NORFOLK, Va. (WAVY) — A former Norfolk bridal shop owner and her husband have successfully filed for bankruptcy for more than $4.4 million in debt, including unpaid taxes and business loans, court records show.
The April 2018 bankruptcy filing came about seven months after bridal shop owner Maya Holihan suddenly locked the doors to her flagship store, House of Maya, and surrendered the business and its assets to Old Point National Bank.
The August 2017 closure of House of Maya left Old Point National Bank scrambling to pair brides who’d paid for their wedding dresses with gowns that, at times, hadn’t been ordered, 10 On Your Side reported.
Old Point National Bank auctioned off nearly $2.3 million in House of Maya inventory in September 2017. Virginia Beach builder and developer Anthony Cataldo purchased the merchandise for $150,000 and hinted at plans of creating a bridal business of his own.
10 On Your Side has spent more than a year digging into Holihan’s finances, discovering court documents within weeks of House of Maya’s closure that showed the business owner owed $230,000 to former employees, American Express, and landlords in Virginia Beach, Norfolk, and Suffolk where she’d run other bridal boutiques.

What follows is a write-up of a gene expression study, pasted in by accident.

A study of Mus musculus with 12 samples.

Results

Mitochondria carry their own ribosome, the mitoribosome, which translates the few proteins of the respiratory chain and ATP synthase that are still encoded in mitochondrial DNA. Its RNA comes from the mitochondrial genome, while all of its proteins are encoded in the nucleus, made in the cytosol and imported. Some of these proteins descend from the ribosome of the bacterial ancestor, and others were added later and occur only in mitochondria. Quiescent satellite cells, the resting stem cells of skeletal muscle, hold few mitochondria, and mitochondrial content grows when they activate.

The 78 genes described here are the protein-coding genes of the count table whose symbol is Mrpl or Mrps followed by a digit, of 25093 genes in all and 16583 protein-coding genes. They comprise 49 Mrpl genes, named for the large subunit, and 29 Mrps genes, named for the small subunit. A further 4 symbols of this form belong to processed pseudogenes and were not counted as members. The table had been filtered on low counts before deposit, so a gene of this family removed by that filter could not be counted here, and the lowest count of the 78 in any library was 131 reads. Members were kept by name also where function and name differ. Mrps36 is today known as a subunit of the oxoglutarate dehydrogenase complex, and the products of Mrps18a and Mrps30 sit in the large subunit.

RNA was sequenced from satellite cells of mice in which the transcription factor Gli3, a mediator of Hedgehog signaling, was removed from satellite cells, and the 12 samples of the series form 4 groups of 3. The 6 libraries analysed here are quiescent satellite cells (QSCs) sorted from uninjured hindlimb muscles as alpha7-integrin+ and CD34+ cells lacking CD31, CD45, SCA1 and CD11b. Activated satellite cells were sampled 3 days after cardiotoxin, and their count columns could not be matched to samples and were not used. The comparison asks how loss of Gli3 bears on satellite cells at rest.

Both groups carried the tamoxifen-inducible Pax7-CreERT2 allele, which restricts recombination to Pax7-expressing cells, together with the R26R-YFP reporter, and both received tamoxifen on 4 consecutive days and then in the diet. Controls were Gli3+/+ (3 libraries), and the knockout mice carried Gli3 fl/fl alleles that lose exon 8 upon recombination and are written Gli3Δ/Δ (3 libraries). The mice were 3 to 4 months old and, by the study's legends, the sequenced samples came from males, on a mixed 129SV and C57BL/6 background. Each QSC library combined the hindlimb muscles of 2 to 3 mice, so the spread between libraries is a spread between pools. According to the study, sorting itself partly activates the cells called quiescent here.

A year ago, 10 On Your Side also discovered court documents that confirmed that Holihan owed more than $750,000 to Old Point National Bank of Phoebus for a business loan taken out in February 2015 under the operating company Maya Couture, LLC.
At nearly $1 million in debt, the story wasn’t over. 10 On Your Side has now obtained court documents that show the total amount Holihan and her husband owed in personal and business debt, credit cards, individual loans, and unpaid taxes exceeded $4.4 million.
The Holihans’ bankruptcy case was finalized in December 2018, discharging them from the liability of all of their debt except $16,487 that was paid to the Internal Revenue Service. That sum is only a fraction of the more than $280,000 the couple owed in unpaid state and federal taxes, court documents show.
The couple also paid $2,787 to a bankruptcy trustee who helped settle the case for them, according to court documents.
Other notable debts that the couple were discharged from include a $255,000 promissory note for a business debt with BB&T, a $20,000 unsecured loan taken out with Navy Federal Credit Union, $4,000 in unpaid utility services with Dominion Energy Virginia, and several individual loans, court documents show.
Not all of the debts are related to Holihan’s business operations; however, many of the larger sums of money were listed as business debts or are the result of broken leases for commercial rental spaces where Holihan once operated her businesses, court documents state
10 On Your Side reached out to Holihan for comment, but did not hear back from her by the time of publication.